Professor Oz Almog and Dr Tamar Almog
Generation Y (Millennials), born in the 1980s and 1990s, came of age during a period of unprecedented accelerated economic growth. These young secular women and men were shaped by a society that was fast becoming more self-critical and cynical, conflictual, entrepreneurial, consumer and media-oriented, individualistic and globalized.
This is a generation characterized by its pervasive permissiveness, sociability, sense of humour, openness and easygoing outlook on life. They live in ‘urban tribes’ and are slow to assume responsibility. They are the self-centred children of the digital age, raised as princes and princesses, shielded by their teachers and parents' words of praise and affirmation. They were promised they would be able to realize their dreams if only they so desired.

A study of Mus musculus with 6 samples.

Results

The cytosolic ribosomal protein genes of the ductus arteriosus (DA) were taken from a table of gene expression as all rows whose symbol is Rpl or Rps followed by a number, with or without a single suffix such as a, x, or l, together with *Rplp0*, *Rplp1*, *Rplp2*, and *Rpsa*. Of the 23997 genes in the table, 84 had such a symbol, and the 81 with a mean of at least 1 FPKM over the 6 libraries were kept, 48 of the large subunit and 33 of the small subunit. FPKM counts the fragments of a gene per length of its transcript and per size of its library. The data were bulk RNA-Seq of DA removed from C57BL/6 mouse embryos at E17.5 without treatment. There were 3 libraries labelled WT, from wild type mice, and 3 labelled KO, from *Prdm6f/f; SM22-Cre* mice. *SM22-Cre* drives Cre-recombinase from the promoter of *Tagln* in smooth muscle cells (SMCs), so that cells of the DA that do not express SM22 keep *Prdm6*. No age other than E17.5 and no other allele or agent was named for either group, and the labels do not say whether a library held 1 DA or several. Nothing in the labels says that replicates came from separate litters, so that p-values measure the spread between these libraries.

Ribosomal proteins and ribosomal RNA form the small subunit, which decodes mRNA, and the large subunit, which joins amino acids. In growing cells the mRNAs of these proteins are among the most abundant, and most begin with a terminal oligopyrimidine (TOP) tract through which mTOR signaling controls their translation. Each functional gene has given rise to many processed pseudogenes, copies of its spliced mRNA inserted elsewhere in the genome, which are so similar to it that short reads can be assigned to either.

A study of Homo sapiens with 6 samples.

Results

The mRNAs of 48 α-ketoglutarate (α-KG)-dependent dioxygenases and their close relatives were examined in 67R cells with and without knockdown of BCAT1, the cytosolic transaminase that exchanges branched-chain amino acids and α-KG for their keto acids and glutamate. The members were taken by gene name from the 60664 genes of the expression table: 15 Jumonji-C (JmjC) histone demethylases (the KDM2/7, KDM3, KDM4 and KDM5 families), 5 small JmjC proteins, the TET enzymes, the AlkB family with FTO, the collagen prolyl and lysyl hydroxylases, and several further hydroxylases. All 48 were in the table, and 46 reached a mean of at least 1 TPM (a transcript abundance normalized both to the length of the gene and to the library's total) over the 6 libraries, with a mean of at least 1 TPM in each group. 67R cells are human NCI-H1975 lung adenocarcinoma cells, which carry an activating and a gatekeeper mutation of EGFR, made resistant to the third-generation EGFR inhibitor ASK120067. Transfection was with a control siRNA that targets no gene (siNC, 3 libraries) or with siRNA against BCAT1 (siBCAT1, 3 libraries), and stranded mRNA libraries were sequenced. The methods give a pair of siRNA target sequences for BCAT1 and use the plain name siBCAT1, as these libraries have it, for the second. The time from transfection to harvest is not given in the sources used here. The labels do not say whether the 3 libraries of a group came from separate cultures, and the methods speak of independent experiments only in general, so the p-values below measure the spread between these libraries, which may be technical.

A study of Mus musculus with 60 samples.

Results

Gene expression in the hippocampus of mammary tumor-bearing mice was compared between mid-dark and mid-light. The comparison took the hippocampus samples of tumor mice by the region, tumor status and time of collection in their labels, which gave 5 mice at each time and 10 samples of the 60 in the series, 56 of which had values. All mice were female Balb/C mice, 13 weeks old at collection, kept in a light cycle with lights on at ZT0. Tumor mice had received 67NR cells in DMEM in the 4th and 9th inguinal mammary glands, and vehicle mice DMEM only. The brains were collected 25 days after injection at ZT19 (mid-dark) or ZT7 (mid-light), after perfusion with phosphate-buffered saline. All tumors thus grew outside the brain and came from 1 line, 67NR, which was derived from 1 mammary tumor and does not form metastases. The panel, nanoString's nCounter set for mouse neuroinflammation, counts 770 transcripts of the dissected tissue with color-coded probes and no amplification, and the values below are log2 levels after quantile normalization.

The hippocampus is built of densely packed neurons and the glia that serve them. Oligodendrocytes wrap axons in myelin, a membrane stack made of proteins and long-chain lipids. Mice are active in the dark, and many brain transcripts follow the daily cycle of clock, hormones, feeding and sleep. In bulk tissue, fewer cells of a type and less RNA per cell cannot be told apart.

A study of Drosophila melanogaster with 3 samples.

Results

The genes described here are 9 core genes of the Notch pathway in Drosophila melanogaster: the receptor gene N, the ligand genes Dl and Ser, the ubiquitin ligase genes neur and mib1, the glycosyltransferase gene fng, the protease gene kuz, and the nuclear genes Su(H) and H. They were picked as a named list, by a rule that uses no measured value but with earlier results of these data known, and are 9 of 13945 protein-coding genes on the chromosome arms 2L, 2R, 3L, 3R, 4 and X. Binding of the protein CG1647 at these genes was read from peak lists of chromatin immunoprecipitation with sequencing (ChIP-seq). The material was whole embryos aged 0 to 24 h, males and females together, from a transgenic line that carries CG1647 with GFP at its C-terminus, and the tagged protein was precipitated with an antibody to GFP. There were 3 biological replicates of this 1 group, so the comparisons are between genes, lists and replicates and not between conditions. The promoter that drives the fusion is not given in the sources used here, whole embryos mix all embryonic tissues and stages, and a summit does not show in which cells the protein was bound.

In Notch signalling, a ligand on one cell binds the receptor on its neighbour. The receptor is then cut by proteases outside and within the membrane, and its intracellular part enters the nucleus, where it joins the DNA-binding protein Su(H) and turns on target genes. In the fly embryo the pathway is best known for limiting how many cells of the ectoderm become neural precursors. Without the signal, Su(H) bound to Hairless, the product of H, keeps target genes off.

They are in no rush to spread their wings because they see the world around them as increasingly exploitative and unstable and also they wish to have room for flexibility. They throng to purchase degrees whose job-market value and intellectual worth are declining.
Their lives are replete with trauma growing up in the shadow of missiles and terror attacks and because the media exposes them to daily disasters and tragedies around the world. They are anxiety-ridden and confused. They have difficulty coping with stress and they are slaves to the infinite information and constant stimuli that flows from all directions. Generation Y is different to previous generations in almost every way: work, study, media consumption, leisure and entertainment habits, raising their children and more.
What is the cultural DNA of today's youth? Why did this generation emerge and how is it influencing the West? Based on extensive research this book provides answers to these key questions. Although it concentrates on Israeli society, most of the generational traits and their sociological interpretations are applicable all over the western world.